These days money can be sent to any corner of the globe in the blink of an eye. We hardly even consider the mechanics behind it, trusting that funds can be transferred from country to country, passing between different financial institutions without a hitch, until it safely reaches its endpoint. Here we compare the most well-known method for international money transfers, SWIFT, with Local Transfers via remittance providers.
What is SWIFT?
SWIFT is an acronym for the Society for Worldwide Interbank Financial Telecommunication – an organisation that standardises global financial transactions, founded when banks around the world needed a consistent, universal way to transfer money between countries.
A common misconception is that the SWIFT network is a portal that transfers funds – instead, it sends information / payment orders between financial institutions, using SWIFT codes or BIC (Bank Identifier Codes). In other words, the SWIFT network is the largest financing messaging system in the world and also the most commonly used infrastructure for international money transfers.
How does it work?
Once the payer’s bank account is debited, the SWIFT transfer is routed through a series of intermediary banks (all part of the SWIFT network) until it reaches the recipient’s bank
What is Local Transfer?
Local bank transfers use a network of cross-border financial institutions to enable you to pay someone using their local bank. The process cuts out intermediary banks, using a network of bank accounts all over the world - with local currencies to clear bank transfer payments (sometimes also referred to as remittance) between the two sides.
How does it work?
Customers send funds via a domestic transfer from their own bank to a remittance provider’s local bank account in the sending currency. The cross-border platform then converts the funds through its network and pays the converted amount into the recipient’s bank account at a pre-agreed rate in the destination currency.
What you need
SWIFT transfers require a SWIFT code consisting of a unique series of 8-11 characters used to identify the specific bank where your money is headed. This means all financial institutions involved need to be part of the SWIFT network to enable the transfer of SWIFT codes.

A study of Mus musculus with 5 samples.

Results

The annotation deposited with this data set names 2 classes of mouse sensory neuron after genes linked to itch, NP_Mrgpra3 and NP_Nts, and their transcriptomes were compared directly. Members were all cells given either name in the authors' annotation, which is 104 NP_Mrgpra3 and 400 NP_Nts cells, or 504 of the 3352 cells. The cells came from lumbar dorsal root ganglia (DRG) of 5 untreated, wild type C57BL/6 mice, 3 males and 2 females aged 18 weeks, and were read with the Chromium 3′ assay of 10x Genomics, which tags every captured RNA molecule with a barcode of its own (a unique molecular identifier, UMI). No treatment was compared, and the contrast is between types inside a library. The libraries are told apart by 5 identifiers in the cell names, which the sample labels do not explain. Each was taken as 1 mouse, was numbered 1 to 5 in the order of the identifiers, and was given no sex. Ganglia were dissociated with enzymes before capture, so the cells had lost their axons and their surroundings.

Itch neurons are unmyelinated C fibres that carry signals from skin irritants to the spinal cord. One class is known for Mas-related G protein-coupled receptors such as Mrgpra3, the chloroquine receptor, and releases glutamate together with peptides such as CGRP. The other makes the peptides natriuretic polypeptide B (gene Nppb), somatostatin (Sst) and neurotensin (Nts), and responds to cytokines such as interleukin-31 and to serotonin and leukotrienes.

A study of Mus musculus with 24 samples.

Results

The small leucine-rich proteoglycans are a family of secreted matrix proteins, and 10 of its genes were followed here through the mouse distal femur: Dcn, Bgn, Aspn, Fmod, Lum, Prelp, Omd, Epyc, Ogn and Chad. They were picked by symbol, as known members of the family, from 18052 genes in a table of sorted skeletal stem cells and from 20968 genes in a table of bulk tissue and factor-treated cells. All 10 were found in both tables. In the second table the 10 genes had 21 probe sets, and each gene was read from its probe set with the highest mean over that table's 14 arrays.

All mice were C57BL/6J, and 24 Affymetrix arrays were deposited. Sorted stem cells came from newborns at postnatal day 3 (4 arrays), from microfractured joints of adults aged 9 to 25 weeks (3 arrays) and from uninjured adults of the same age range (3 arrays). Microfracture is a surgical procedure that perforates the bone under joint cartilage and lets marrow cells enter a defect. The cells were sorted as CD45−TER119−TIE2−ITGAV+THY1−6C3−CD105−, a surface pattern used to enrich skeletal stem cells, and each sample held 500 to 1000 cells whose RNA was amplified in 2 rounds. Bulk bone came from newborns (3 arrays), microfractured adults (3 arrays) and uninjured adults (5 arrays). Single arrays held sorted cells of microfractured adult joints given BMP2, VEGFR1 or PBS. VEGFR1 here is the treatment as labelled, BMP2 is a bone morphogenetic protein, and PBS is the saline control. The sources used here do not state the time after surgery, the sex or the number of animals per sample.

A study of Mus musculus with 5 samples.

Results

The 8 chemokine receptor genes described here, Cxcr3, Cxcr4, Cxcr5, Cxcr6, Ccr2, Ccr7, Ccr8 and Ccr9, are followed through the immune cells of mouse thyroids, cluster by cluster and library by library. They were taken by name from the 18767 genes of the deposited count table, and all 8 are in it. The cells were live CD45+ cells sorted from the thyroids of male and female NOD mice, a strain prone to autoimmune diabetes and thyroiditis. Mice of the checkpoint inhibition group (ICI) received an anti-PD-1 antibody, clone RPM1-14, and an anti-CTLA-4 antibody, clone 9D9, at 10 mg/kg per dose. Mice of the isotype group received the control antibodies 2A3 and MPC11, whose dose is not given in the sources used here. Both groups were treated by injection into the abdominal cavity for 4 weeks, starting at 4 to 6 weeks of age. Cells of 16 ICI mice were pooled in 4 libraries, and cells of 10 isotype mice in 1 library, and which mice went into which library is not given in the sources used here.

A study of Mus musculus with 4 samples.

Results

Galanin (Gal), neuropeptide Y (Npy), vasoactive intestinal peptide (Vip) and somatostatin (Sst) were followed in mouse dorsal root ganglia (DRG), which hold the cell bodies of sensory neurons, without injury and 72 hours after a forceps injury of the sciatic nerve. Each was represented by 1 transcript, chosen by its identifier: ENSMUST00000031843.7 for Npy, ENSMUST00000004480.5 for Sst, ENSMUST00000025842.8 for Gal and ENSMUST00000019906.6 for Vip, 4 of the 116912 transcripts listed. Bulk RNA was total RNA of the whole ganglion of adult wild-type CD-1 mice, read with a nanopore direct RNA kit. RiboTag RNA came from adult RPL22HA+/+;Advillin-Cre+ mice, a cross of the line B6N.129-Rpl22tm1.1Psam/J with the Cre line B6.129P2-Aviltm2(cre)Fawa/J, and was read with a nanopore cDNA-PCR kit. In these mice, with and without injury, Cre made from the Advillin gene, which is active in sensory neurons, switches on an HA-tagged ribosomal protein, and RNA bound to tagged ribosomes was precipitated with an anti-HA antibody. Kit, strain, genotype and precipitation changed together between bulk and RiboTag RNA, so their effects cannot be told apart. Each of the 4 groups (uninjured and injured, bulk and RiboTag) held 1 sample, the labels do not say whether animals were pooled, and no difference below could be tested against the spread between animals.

Local bank transfers, on the other hand, do not use the traditional banking networks that process SWIFT transfers, and you’d only need the recipient’s bank account details and reference number (where applicable).
The complex nature of SWIFT transfers often results in higher costs as fees can be levied by both correspondent and recipient banks. Transferring your funds between different banks in different countries, means each intermediary bank charges their own handling fee or commission. And given the international nature of the SWIFT payment network, there is no set table of fees.
Local transfers can save multiple transfer fees as local channels will almost always be cheaper than SWIFT channels. Senders pay a minimal fee for transactions (almost like a local transfer), there are no hidden fees, and they are also usually free of any receiving bank charges for receivers.
Also, the size of your transfer matters: transferring smaller amounts can be quite costly on local networks, whereas SWIFT is more beneficial when transferring large sums of money not supported by local channels.
If a SWIFT transfer involves exchanging two or more currencies, banks often apply poor exchange rates and keep the difference; or they add their own profit markup, increasing the rate to up to 4-5% higher than the interbank FX rate.
Local transfers eliminate unreasonable bank determined exchange rates, enabling payouts to local bank accounts in local currency with minimal barriers, often saving on foreign exchange and other costs.
International transfers feature slow processing times; and due to the complexity of SWIFT transfers, in some instances it can take up to 5 working days to process.
As a type of EFT (Electronic Fund Transfer), local transfers typically allow funds to transfer faster than other methods, with speeds that often approach real-time.
SWIFT provides a secure network of over 10,000 financial institutions in 212 different countries. As long as your bank is affiliated with SWIFT, the network can securely communicate a payment order to transfer your money from one place to another.
Local bank transfers are rapidly gaining traction globally due to its convenience. You can reach pretty much anyone worldwide, via a well-established network of local banks and payment processors. Having said that, in working with cross-border remittance providers, currencies could be restricted to only those supported by the network of that specific provider.
Now that we’ve compared the two options – both secure and accessible – we recommend using our convenient INFT International Money Transfer solutions for your business transactions. Whether you’re a new business looking to expand internationally, you’re keen to purchase from suppliers abroad, or pay a vendor off-shore, our cross-border payment system offers one of the lowest and most transparent FX fees available at rates cheaper than banks. Moreover, INFT supports over 40 currencies in 180+ countries across the globe, so you can move your money around without any qualms.